TRENTON – Legislation sponsored by Senators Richard J. Codey and Ronald L. Rice that would authorize New Jersey banks to offer savings promotions, also known as  “prize-linked savings accounts,” was approved yesterday by the Senate Commerce Committee.

Intended to provide incentives for depositors to open and maintain savings accounts, the legislation, S-2495, would authorize state-chartered banks, savings banks and credit unions to conduct promotions in which a minimum deposit in an amount predetermined by the institution qualifies for a chance to win prizes.

“It’s a win-win situation for people who want to save,” said Senator Codey, D-Essex and Morris.  “Unlike playing the lottery, depositing money into one of these prize-linked savings accounts provides people with an opportunity to be rewarded for saving without the risks to their money.”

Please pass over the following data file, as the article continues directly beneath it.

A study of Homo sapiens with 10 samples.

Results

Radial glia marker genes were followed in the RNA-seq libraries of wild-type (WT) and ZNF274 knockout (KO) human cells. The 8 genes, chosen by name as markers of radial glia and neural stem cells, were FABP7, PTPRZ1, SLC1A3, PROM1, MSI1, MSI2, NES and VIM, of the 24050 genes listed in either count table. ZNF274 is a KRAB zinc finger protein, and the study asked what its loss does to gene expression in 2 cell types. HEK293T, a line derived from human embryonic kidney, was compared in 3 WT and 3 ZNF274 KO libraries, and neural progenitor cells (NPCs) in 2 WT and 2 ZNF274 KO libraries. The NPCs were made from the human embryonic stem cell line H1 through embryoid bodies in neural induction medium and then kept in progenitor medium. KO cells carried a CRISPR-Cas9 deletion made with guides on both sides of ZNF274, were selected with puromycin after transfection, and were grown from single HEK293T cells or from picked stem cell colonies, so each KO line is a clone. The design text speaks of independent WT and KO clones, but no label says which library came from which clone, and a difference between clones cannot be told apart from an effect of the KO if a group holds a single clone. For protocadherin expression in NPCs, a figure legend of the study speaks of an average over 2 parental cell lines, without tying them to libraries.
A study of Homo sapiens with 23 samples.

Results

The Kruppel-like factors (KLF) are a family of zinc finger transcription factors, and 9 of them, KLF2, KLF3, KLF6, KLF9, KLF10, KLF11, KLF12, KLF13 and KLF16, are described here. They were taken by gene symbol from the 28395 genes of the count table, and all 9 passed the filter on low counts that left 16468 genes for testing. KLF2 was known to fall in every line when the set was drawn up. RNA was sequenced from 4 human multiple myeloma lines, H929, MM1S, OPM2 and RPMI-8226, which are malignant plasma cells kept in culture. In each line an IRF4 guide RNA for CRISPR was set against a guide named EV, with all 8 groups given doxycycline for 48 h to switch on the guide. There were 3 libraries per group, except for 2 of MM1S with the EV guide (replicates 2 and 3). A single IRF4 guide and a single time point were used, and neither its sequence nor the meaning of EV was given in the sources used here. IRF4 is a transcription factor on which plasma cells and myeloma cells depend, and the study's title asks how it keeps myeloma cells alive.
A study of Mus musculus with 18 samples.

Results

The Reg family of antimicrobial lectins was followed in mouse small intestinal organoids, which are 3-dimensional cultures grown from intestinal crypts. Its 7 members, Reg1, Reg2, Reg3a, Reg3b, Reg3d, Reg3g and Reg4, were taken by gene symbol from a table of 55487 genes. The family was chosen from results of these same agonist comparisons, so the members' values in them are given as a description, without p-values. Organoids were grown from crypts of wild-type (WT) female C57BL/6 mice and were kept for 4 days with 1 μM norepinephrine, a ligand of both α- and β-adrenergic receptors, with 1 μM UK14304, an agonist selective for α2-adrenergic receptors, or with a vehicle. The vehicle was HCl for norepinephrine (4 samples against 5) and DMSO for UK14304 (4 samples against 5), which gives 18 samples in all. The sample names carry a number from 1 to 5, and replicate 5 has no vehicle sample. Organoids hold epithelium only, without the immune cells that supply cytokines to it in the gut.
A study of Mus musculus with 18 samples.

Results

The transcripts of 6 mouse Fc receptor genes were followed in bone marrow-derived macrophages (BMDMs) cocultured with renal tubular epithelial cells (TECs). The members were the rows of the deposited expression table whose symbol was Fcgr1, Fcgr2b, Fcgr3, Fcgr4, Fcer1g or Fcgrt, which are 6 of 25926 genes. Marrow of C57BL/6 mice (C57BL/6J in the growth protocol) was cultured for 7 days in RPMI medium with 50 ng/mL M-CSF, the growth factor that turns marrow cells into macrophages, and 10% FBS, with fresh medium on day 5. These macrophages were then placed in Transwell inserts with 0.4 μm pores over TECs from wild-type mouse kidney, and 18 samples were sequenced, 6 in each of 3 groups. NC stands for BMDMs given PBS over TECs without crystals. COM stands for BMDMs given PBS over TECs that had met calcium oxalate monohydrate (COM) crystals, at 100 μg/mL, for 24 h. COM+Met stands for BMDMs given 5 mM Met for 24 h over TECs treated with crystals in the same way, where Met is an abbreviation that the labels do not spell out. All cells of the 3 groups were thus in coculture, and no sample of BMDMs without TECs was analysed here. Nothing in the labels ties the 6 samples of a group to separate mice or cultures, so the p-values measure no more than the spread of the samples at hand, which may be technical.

Under this legislation, every deposit would equally qualify as a ticket in a prize-winning raffle, and a minimum age of 18 would be required to participate in the promotion.  The bill also requires that the rules and conditions are fully disclosed to account holders and that interest rates and fees are competitive with other non-qualifying accounts.

“This is an exciting way for those with modest paychecks and little or no money in the bank to ‘save to win’,” said Senator Rice, D-Essex. “Engaging consumers to put money away without the downside of losing can help foster a regular habit of saving that will help them in the long run.”

The idea has been put into practice in a number of states by non-profits and credit unions, and has been successfully implemented internationally. New York, Connecticut, Michigan and Indiana have modified their state banking laws to allow for these programs and legislation has been introduced in Congress to make similar revisions to federal banking laws.

The bill was approved by the Senate Commerce Committee with a vote of 6-0.  It now heads to the Senate for consideration.